The Consultant President
The Consultant President
By Tony Lucadamo
If you have not already, I encourage you to watch a recent PBS Frontline special on the Presidents entitled, “The Choice 2012.” The show’s season premiere takes an in-depth look at the backgrounds of both Presidential nominees.
Mitt Romney’s time as Governor of Massachusetts gets thorough coverage as part of the episode. To that end, some interesting quotes come out of the associated interviews.
David Brooks of the New York Times states:
“I really think that he is a product of a world where you do market research. You find out what’s working and not working. You do controlled experiments. And then you dovetail the product to suit the marketplace. He’s looked at the market and he’s seen what niche there is.”
Benjamin Wallace-Wells of New York Magazine adds:
“Mitt Romney was unable to consider the question [of abortion] in the abstract. He dealt with it as a managerial problem or case study.”
But the most interesting point was this. Nicholas Lemann of the New Yorker remarked:
“It’s a little bit like a consulting engagement. You go in. You figure out what the problems are. You fix things. You make things more organized. Then you go on to the next challenge.”
Romney’s senior advisors essentially concur in later statements. Their narrative runs like a private equity assignment. He presented a product – the socially liberal, fiscally conservative Governor — which he thought would meet demand. He then did what he could given a Democratic-controlled State legislature. In particular, he picked the issue of healthcare and made it the main issue of his four years in office.
Yet, in many ways, this alternate method is nothing new. Certainly, populism has been around for a long time.
Indeed, its legacy goes all the way back to our country’s founding. Before his fall from grace, Aaron Burr rose to the Vice Presidency in similar fashion. History remembers him primarily as a dueler and possible traitor. Yet, to many contemporaries, he was a deft strategist. He projected the necessary image to each interested parties in the divisive, pluralistic New York political scene of the time.
President Clinton presents the best example of the modern version. Following a poor showing in his first set of midterm elections, he made a distinct move to the center in response to public opinion.
However, Governor Romney’s profile is slightly different. Perhaps it is an evolution of the executive-centered, efficiency-minded values that took root in the Progressive Era combined with a populism gleaned through the lens of modern business.
The service sector constitutes an increasing proportion of U.S. GDP with each passing year. In that case, it should come as no surprise that this new generation of leaders is upon us.
Men and women who have built their careers in private equity and consulting may increasingly seek to transfer their skills into politics.
There is equal fodder for both pessimists and optimists in that case.
On the plus side, there is something reassuring in such technocratic leadership. In the case of Massachusetts, the healthcare system was a product of Romney’s distinct style. He brought in experts from MIT to crunch the numbers. Before towing the party line, he took a hard look at arithmetic. He then systematically went about getting the legislature on board with a system designed to be bipartisan enough to pass.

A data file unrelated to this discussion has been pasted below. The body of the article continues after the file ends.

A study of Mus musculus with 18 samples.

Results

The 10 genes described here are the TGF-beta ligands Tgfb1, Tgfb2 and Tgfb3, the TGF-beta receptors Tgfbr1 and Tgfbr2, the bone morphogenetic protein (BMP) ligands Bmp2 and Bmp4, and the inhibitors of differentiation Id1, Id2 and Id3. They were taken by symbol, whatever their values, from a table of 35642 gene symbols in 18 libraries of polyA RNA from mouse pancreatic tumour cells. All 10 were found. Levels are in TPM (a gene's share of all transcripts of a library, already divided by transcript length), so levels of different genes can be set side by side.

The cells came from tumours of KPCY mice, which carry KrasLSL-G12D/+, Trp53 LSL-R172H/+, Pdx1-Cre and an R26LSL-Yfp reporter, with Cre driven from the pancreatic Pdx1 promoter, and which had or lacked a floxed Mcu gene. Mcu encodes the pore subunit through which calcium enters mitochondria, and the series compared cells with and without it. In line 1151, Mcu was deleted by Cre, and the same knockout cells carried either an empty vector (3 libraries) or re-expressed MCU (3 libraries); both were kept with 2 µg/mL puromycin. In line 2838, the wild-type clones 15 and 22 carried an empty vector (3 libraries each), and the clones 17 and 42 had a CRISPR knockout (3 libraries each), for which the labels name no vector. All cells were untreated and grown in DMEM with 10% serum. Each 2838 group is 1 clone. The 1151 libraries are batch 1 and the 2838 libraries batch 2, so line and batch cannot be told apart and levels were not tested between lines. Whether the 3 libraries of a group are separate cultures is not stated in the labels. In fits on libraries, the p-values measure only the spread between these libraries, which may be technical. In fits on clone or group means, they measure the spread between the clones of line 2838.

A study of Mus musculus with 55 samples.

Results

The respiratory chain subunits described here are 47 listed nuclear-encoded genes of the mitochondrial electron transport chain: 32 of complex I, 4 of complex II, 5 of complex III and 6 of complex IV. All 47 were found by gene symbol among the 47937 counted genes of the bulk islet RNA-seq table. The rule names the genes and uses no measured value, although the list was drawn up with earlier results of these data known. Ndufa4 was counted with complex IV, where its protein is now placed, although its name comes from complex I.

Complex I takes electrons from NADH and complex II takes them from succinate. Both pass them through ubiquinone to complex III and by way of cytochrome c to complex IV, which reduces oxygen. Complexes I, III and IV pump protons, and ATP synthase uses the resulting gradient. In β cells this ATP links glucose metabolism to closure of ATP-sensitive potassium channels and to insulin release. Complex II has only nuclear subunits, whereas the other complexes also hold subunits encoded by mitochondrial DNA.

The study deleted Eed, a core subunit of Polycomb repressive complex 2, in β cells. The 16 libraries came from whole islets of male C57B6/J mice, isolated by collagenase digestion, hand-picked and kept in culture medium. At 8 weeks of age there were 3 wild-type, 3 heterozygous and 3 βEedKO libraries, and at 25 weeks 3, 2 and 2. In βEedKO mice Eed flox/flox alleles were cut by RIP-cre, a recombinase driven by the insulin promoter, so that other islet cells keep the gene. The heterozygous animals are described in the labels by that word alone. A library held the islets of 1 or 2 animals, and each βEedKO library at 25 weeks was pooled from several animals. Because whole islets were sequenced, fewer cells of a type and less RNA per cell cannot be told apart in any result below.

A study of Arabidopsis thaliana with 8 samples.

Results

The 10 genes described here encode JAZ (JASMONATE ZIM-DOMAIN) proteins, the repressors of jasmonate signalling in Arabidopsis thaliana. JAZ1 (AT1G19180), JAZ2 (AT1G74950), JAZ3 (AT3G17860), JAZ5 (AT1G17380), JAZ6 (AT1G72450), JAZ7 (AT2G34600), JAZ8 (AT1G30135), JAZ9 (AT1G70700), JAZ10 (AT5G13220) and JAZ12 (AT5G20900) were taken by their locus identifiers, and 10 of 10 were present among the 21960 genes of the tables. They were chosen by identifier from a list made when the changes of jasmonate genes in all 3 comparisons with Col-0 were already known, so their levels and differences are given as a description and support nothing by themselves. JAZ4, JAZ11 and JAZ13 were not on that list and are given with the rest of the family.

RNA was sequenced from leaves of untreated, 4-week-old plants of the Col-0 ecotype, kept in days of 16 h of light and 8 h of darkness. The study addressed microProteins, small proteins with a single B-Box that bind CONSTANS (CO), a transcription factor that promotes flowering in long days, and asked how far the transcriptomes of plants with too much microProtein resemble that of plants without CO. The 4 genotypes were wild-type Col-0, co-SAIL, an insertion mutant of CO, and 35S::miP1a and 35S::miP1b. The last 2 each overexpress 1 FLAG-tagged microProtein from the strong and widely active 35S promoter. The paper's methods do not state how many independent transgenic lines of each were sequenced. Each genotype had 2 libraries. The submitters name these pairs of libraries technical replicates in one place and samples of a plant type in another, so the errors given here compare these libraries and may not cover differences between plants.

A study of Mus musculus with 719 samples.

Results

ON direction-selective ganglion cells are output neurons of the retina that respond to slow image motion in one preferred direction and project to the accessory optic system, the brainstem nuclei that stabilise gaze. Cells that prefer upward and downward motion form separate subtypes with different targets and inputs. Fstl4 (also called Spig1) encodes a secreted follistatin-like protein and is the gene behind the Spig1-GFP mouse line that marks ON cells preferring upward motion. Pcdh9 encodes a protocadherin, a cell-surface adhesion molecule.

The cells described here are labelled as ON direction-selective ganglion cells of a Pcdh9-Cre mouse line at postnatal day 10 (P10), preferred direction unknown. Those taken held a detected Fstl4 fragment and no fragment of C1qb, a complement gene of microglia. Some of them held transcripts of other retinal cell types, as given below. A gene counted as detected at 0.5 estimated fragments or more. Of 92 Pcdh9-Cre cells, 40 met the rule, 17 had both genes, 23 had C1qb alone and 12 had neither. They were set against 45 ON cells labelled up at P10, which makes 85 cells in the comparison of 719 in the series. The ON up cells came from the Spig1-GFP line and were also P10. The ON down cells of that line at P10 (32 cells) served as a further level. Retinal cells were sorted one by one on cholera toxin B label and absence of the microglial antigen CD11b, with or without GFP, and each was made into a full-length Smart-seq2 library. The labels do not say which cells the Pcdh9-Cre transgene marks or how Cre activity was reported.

Americans may find that last point particularly reassuring. The capacity to compromise has been in short supply in an era of distinct polarization.
The failed attempt at a “grand bargain” over the country’s budget comes to mind as an immediate example of failures in bipartisanship. Many Americans then, may warm to the idea of a leader capable of bridging the divide. In an era when so much change appears forthcoming, perhaps a true mediator is exactly what the country needs.
That said, we do not want to completely overstate the facts. Transcribing past success at the state level to the national stage is fraught with uncertainty. There is no guarantee that what worked as Governor will apply as President. As President, Romney will have to contend with a hyperpartisan and polarized Congress.
While Romney had to reach across the aisle in Massachusetts, the political environment was different. The relative gap between the two sides has grown more pronounced in recent years, especially at the national level. Thus, what worked then may not easily convert to the executive branch in 2013.
Taking a further step back, some voters may find the shifting nature of respective stances to be a vice. In some ways, the idea of constantly changing views to suit the next electorate is disconcerting. Afterall, the Founders believed that the political system should provide for some continuity and stability.
There is a fine line between being amenable to democratic realities and having a lack of principles. The more a leader reverses position, the more the latter has the appearance of being true.
Thus, Governor Romney’s attributes are a bit ambiguous. Perhaps his suitability for office is in the eye of the beholder.
However, that tendency towards the perception of untrustworthiness bears remembrance. It could be the razor’s edge on which future would-be consultant populists rise and fall in higher office.